Facts About the Domestic Shorthair Cat

Caitlin Dempsey


A gray tabby cat sitting with her paws tucked underneath her.

Unless you have a purebred cat, the most common cat in households is what is known as the domestic shorthair (DSH). According to the American Human Society, 95% of cats in the United States are domestic shorthairs.

The domestic shorthair cat is a catchall term that covers cats that are considered mixed breed which means these cats have a mix of different cat breeds. This term can be confusing with the purebred cat breeds like the American Shorthair and the British Shorthair.

As the name implies, the fur length of the domestic shorthair cat is short. A mixed-breed cat with long fur is known as a domestic longhair cat (DLH).

Names for domestic shorthair cats

Domestic shorthair cats can also be referred with a slight variation as domestic shorthaired or domestic short-haired cats.

In the United Kingdom, domestic shorthair cats are known as moggies. Domestic shorthair cats are also commonly referred to as house cats.

On social media, referring to a mixed breed cat as a “standard issue cat” is common.

Geographic variation in domestic shorthair cats

Since domestic shorthair cats tends to intermix locally, over time these cats tend to develop geographic variations specific to the region they are from. These locally adapted domestic cats are known as landraces.

The Van cat is one example of a domestic shorthair cat landrace. The van cat is a domestic cat that developed in the Lake Van area of the Armenian Highlands in Turkey.

Van cats tend to be fairly large cats with a mostly white coat with blue or amber eyes. It is common for van cats to have heterochromia with two different colored eyes.

Closeup shot of a Van cat lying on the ground at daylight. A blurred chicken is behind the cat.
A van cat with heterochromia. Photo: © Wirestock / stock.adobe.com.

These geographic variations have also given rise to purebred cat breeds like the American Shorthair and the British Shorthair. The Van cat is the origin for the purebred Turkish Van cat.

Coat pattern and eye colors for domestic shorthair cats

White cat sleeping on a chair.
An all-white domestic shorthair cat. Photo: Caitlin Dempsey.

Domestic shorthairs, because of the wide variety of cat breeds that make up these cats, can have a wide variety of patterns such a tabby, torbie, harlequin, or be a solid color. Likewise, domestic shorthairs have a wide ranges of colors from pure white cats to pure black.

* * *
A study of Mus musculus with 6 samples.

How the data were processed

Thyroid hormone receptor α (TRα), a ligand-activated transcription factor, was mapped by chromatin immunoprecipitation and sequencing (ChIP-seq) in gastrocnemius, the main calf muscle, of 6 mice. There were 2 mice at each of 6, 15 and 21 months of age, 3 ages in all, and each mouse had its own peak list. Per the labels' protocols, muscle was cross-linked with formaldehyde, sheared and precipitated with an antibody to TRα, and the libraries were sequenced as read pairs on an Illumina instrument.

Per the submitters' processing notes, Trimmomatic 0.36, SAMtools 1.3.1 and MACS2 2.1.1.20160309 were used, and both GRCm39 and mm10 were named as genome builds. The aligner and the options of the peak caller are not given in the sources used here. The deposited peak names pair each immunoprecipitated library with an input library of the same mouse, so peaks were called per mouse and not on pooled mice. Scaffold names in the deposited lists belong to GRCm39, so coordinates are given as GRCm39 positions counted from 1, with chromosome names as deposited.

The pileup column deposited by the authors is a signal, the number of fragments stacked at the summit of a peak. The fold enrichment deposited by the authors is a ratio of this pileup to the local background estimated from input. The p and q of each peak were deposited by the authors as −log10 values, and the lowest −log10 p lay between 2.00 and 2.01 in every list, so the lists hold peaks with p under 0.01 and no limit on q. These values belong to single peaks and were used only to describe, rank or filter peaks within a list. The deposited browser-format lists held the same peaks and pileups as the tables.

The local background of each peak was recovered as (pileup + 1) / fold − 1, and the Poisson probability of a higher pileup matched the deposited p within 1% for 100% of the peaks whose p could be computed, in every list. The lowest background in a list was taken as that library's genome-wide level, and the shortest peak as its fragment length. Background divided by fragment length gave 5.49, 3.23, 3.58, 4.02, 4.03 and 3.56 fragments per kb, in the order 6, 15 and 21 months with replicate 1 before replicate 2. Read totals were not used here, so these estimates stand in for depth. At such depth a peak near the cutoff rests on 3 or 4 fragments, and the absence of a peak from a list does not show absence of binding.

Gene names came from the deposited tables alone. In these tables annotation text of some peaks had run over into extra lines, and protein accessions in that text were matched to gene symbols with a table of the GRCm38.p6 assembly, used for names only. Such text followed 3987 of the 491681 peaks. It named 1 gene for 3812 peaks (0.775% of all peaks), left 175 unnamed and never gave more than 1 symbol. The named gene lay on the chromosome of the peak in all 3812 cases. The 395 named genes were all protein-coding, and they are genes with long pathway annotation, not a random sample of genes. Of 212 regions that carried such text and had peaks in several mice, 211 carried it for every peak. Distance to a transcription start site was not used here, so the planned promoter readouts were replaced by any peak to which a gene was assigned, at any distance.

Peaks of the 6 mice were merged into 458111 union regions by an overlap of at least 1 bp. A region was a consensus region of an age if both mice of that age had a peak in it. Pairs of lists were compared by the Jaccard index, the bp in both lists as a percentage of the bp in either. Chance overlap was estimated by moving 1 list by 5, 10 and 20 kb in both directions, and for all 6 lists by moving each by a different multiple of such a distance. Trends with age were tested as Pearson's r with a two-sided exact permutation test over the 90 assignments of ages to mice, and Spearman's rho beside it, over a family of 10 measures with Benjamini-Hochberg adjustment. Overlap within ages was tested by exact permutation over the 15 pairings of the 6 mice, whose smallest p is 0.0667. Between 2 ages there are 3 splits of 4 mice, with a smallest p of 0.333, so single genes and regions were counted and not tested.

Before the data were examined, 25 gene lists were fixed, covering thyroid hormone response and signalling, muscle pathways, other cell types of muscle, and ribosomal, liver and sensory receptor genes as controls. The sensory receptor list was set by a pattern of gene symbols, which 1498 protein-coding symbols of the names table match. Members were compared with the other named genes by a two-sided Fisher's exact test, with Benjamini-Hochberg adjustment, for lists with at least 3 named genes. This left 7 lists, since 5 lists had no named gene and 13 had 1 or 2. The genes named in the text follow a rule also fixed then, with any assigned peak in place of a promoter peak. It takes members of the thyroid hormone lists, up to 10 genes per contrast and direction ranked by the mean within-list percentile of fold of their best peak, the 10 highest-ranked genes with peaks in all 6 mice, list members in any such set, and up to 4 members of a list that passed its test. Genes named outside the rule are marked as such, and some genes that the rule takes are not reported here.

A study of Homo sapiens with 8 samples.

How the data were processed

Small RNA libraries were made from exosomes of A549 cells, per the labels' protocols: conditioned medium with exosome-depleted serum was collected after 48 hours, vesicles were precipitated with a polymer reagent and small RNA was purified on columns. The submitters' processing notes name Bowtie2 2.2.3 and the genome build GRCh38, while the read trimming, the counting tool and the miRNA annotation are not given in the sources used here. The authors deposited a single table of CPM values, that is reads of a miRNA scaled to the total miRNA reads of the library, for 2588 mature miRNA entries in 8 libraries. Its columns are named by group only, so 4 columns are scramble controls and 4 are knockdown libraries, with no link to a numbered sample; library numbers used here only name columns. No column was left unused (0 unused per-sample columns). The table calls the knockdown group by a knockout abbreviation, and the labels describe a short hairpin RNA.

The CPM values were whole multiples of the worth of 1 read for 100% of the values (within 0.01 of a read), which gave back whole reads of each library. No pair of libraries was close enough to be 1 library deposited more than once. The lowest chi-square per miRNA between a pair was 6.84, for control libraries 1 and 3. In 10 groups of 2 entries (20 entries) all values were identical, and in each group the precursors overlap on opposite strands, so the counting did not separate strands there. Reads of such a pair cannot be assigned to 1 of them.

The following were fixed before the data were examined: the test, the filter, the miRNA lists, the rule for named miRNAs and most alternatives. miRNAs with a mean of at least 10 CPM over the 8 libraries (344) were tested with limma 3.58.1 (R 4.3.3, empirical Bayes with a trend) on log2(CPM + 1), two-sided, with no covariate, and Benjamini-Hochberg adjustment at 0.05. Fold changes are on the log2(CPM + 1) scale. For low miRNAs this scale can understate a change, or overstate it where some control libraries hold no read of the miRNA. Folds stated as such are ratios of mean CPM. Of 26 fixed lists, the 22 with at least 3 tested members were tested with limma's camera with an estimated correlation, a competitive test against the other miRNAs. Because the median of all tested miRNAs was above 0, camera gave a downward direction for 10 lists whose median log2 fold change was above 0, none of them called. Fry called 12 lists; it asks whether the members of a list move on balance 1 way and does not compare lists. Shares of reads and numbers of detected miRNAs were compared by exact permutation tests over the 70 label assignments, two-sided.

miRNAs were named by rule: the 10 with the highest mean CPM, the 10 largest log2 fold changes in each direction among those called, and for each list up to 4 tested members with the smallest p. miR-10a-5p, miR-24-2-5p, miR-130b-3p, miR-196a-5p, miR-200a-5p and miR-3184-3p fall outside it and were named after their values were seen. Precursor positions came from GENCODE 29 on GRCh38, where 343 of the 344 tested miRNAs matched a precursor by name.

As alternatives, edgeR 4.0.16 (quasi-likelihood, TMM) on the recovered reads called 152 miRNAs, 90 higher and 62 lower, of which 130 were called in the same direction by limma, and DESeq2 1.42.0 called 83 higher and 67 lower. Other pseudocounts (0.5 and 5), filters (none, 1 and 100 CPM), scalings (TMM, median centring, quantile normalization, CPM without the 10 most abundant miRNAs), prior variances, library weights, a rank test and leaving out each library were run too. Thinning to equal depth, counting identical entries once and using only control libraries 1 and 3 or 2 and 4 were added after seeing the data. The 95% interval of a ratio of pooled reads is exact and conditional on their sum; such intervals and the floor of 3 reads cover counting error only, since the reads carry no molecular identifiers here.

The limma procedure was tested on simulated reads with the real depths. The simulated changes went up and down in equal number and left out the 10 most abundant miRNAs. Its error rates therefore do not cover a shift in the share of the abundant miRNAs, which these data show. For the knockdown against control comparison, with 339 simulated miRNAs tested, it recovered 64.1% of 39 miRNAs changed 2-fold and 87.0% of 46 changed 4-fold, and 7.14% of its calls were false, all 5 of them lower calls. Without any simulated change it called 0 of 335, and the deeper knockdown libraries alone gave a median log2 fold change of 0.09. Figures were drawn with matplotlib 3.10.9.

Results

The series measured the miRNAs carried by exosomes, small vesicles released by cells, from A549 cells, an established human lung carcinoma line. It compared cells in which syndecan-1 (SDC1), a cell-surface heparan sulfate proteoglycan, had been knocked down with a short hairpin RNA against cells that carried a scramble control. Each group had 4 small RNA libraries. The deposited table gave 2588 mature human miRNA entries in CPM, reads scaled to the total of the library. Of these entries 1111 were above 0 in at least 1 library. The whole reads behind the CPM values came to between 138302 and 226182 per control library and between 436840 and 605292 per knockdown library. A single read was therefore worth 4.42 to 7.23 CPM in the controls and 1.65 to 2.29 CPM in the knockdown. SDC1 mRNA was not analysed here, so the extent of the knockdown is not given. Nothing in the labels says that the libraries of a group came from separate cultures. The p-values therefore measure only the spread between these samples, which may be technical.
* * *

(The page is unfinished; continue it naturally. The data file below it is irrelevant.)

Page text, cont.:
A gray tabby with white underbelly walking along the rafters in a barn.
A domestic shorthair barn cat. Photo: Caitlin Dempsey.

Domestic shorthairs can also have a wide range of eye colors from yellow to dark brown.

A resting black cat with green eyes on a bed sheet with light red stars and a white background. A blurred white and yellow striped pillow is behind the cat.
A black domestic shorthair cat with light green eyes. Photo: Caitlin Dempsey.

Weight of a domestic shorthair cat

Domestic shorthair cats can be a range of sizes. The typical weight range for a domestic shorthair cat is 6 to 12 pounds.

Domestic shorthair cats suffer less from diseases than purebreds

Since domestic shorthair cats tends to have a wider genetic mix as compared to purebred cats, they tend to suffer less from disease related to a lack of genetic diversity. [1]

Domestic shorthair cats have a wider range of personalities than purebreds

One of the traits that is commonly selected for when breeding purebred cats is personality. Ragdoll cats, for example, are know for their docile, loyal, and affectionate behavior towards their owners. Domestic shorthair cats have a mix of a variety of cat breeds so their individual personalities will vary widely compared to purebreds. [2]


[1] Sandøe, P., Nørspang, A. P., Forkman, B., Bjørnvad, C. R., Kondrup, S. V., & Lund, T. B. (2017). The burden of domestication: a representative study of welfare in privately owned cats in Denmark. Anim. Welf26(1), 1-10.

[2] Turner, D. C. (2000). Human-cat interactions: relationships with, and breed differences between, non-pedigree, Persian and Siamese cats. Companion Animals and Us: Exploring the relationships between people and pets, 257-71.


Caitlin Dempsey
Caitlin Dempsey holds both a master's in Geography from UCLA and a Master of Library and Information Science. She is the editor of Geographyrealm.com and an avid researcher of geography and feline topics. A lifelong cat owner, Caitlin currently has three rescued cats: an orange tabby, a gray tabby, and a black cat.